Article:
Despite some minimal damage, officials in Salisbury and Seabrook are breathing a sigh of relief in the aftermath of Hurricane Sandy.
“You can see where Mother Nature visited,” Seabrook Public Works Manager John Starkey said. “The beach is a little steeper that it used to be, pretty much all over. But over the winter, the sand will probably come back. It could have been worse. It could have been much, much worse.”
In Salisbury, Public Works Director Don Levesque relayed the same message. Given what other seacoast communities in Massachusetts, as well as in New York, New Jersey and Connecticut, are dealing with, Salisbury was fortunate.
Levesque said there was some flooding during the two high tides on Monday in the usual trouble spots — on Beach Road by the road to Salisbury Beach State Reservation and by the salt marsh on North End Boulevard, on Lewis, Lawrence, 11th and 12th streets. There also was a wash-over in the beach center on Broadway.
“I’ve seen it worse,” Levesque said. “All in all, in my opinion, it wasn’t too bad. We were lucky.”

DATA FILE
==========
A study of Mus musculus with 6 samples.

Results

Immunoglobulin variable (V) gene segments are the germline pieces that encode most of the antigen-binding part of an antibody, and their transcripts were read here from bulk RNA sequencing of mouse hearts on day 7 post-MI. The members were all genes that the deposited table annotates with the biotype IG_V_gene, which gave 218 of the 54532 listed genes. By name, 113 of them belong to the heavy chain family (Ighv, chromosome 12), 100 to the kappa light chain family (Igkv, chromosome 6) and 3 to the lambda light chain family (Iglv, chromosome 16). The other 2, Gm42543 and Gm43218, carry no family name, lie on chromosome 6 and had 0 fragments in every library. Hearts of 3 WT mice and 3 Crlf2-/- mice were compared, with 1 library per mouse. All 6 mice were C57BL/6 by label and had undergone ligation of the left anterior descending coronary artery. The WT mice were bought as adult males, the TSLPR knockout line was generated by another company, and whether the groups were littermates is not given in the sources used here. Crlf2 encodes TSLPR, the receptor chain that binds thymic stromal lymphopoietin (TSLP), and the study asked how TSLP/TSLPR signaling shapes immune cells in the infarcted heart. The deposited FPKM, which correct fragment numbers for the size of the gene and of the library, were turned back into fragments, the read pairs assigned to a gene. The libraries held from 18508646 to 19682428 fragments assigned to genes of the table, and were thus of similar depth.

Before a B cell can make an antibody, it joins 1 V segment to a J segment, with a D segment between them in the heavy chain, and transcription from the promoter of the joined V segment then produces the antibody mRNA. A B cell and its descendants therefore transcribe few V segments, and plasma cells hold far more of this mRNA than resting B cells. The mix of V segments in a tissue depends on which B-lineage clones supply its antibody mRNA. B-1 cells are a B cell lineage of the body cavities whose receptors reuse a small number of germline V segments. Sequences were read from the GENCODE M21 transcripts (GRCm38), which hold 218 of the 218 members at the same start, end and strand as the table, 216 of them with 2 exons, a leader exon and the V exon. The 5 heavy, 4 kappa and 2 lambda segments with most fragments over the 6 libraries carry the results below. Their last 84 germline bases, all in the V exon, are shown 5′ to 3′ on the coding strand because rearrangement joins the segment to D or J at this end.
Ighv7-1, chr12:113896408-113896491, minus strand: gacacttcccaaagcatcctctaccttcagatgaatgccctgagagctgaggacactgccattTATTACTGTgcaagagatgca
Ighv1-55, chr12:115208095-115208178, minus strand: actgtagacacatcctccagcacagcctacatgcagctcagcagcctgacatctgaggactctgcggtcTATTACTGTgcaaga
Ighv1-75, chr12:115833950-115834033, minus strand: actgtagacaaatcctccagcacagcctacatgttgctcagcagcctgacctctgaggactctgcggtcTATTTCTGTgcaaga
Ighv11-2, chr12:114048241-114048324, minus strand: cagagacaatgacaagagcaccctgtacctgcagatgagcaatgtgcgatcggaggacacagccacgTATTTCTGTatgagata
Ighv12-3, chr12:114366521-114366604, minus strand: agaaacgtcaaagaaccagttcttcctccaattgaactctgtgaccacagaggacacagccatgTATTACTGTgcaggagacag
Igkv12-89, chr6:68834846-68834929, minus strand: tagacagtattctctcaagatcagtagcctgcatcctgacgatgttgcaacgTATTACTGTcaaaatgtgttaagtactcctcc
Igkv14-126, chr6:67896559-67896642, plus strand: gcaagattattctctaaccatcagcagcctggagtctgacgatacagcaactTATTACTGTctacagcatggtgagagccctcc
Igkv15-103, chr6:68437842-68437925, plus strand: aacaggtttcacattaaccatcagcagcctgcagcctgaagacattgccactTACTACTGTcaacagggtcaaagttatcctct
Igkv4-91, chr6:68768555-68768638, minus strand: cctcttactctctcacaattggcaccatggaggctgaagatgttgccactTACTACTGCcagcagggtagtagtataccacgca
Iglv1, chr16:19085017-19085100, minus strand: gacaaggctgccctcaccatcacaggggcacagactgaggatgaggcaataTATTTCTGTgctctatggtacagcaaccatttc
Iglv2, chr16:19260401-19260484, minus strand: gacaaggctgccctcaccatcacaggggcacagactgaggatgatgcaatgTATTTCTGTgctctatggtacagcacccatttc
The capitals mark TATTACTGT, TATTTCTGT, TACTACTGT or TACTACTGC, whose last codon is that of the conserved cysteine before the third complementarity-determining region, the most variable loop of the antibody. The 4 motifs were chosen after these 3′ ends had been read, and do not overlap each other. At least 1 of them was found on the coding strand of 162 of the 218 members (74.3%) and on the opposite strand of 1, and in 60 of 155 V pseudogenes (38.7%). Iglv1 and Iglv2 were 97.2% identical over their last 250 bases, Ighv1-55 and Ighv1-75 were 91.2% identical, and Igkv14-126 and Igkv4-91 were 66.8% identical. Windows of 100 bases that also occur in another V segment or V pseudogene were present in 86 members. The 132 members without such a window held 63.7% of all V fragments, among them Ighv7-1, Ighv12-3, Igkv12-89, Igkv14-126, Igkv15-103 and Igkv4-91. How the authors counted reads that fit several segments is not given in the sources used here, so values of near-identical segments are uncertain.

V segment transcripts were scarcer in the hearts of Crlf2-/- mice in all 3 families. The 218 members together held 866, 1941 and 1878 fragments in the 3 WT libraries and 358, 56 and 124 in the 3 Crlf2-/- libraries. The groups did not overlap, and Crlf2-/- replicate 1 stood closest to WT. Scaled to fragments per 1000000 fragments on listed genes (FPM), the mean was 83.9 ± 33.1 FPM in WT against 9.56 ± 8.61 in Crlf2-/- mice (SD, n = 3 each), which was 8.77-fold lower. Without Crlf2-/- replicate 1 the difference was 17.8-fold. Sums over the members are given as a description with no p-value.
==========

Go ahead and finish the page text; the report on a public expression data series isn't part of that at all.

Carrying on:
Both towns have seen severe damage during past storms, like last year’s October snowstorm and a couple of wild spring Nor’easters that have hammered coastlines and flooded basements, businesses and roadways.
Past storms have hit Salisbury Beach hard, causing homeowners especially at the south end of the beach to fear their properties would be swept into the sea. But this time, beachfront home owner Don Egan said the shore was more fortunate.
“There was a lot of wind and stuff blowing around and some erosion,” said Egan, who watched the outlying winds of Hurricane Sandy lash the coastline in front of his Atlantic Avenue home. “But it wasn’t too bad.”
Levesque said the sand lost at Salisbury Beach probably will make its way back up the shore if there’s a lull in the weather. The big worry would be another ocean storm coming soon, he said.